Paula Thornton travelled through 20 countries in 14 months, relying on hand gestures and silences to navigate through the various cultures.
Where some may consider this rude or disrespectful of culture and language, for Ms Thornton this is her everyday.
Ms Thornton is third-generation Deaf*. And in her opinion, she experienced a world that was more open-minded than most would imagine.
"I went to South America, South Africa, Europe, the Philippines ... all over the place really," she said.
"Being a Deaf person, I'm a very visual person, so when I was meeting different people from all over the world, we were just really using mime and gesture.
"Countries such as Spain and Italy, they're very good with using gestures, but other countries that spoke English, I would just use my phone [and texting] to communicate with other people."
Ms Thornton explained to ABC Radio Darwin's Jess Ong that she appreciated how certain cultures responded to communication through mime.
"For example, I [wanted to] say 'chicken', so I would put my arms up like I was using my wings, and then I would sign a circle around my hands where they would know that I wanted a chicken pizza."
Ultimately, though, she said travelling as a Deaf person was now more accessible than ever before.
"There's also the international sign language that we all use, it's kind of based on gestures, so that makes it easier for me to converse with a Deaf person overseas."
'I realised that I was a minority'
As a child Ms Thornton assumed all people used sign language to communicate, as this was the only language in her household.
"When I was about six years old I realised there were people out there that don't use their hands to communicate because I had hearing family members that could sign," she said.
"I thought everybody used Auslan, so [as a child] I missed out on nothing, I had access to language, I had access to communication [and] to the Deaf community."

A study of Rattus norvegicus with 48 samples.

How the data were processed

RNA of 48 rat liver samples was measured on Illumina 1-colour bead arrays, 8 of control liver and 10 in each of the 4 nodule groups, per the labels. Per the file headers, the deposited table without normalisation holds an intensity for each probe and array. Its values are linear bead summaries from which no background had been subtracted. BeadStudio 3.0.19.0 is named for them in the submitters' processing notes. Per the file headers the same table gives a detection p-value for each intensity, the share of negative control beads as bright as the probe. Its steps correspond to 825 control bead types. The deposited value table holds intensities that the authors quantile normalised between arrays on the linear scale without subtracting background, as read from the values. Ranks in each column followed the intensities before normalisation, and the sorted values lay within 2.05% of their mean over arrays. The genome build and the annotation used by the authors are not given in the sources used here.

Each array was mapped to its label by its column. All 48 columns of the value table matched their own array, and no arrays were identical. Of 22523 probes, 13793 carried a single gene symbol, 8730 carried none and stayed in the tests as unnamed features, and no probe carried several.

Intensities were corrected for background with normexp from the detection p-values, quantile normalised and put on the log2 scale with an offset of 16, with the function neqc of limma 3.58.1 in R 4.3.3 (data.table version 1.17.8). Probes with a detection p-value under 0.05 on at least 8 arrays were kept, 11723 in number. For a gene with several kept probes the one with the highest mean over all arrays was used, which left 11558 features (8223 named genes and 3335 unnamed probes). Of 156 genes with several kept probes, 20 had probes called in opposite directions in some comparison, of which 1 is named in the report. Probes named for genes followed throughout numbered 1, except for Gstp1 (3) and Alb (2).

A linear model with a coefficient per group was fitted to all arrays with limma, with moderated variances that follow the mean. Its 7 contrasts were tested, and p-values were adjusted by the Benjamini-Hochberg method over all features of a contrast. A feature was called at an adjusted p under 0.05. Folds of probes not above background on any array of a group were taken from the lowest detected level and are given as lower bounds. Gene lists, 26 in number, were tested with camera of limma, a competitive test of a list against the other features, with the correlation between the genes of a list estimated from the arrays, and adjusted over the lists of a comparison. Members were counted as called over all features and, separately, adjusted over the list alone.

It was a "positive upbringing" compared to many other Deaf children, she said.
"Most Deaf people come from hearing families, they would be exposed to everybody learning and speaking in English, and their family members may not learn how to sign."
It wasn't until she learnt that Auslan wasn't used as widely beyond her home that Ms Thornton found learning to communicate isolating.
"I realised that I was a minority."
However, Ms Thornton said even from a young age she was confident in her surroundings and happily fit into "both worlds".
"Being in a mainstream school we had 30 Deaf students and then we had 800 other hearing students, so I could kind of switch between the two," she said.
"I was always more comfortable going back to the Deaf community, obviously, but I would always make an effort to communicate with the hearing as well."
Richness in a world without sound
Ms Thornton believes assumptions are made of what aspects of life you would lose if you were without hearing.
Music, radio, films and laughter are top of mind when it comes to being deaf, but Ms Thornton said she had found a way to create her own form of "visual music".
"A lot of hearing people would often say they would rather become blind because they couldn't lose their music, but when they meet me they often change their answer," she said.
"I don't access music, I haven't heard these things before so I don't understand it, but in saying that I enjoy going to the beach.
"I watch the water and waves crashing on the sand; that's my visual music — watching the trees, the leaves blowing in the wind.
* Ms Thornton prefers the capitalised form Deaf to describe a broader community.
"We have our community, we have a culture within our community, and we have our own language. I guess it's the same with a Greek community," she said.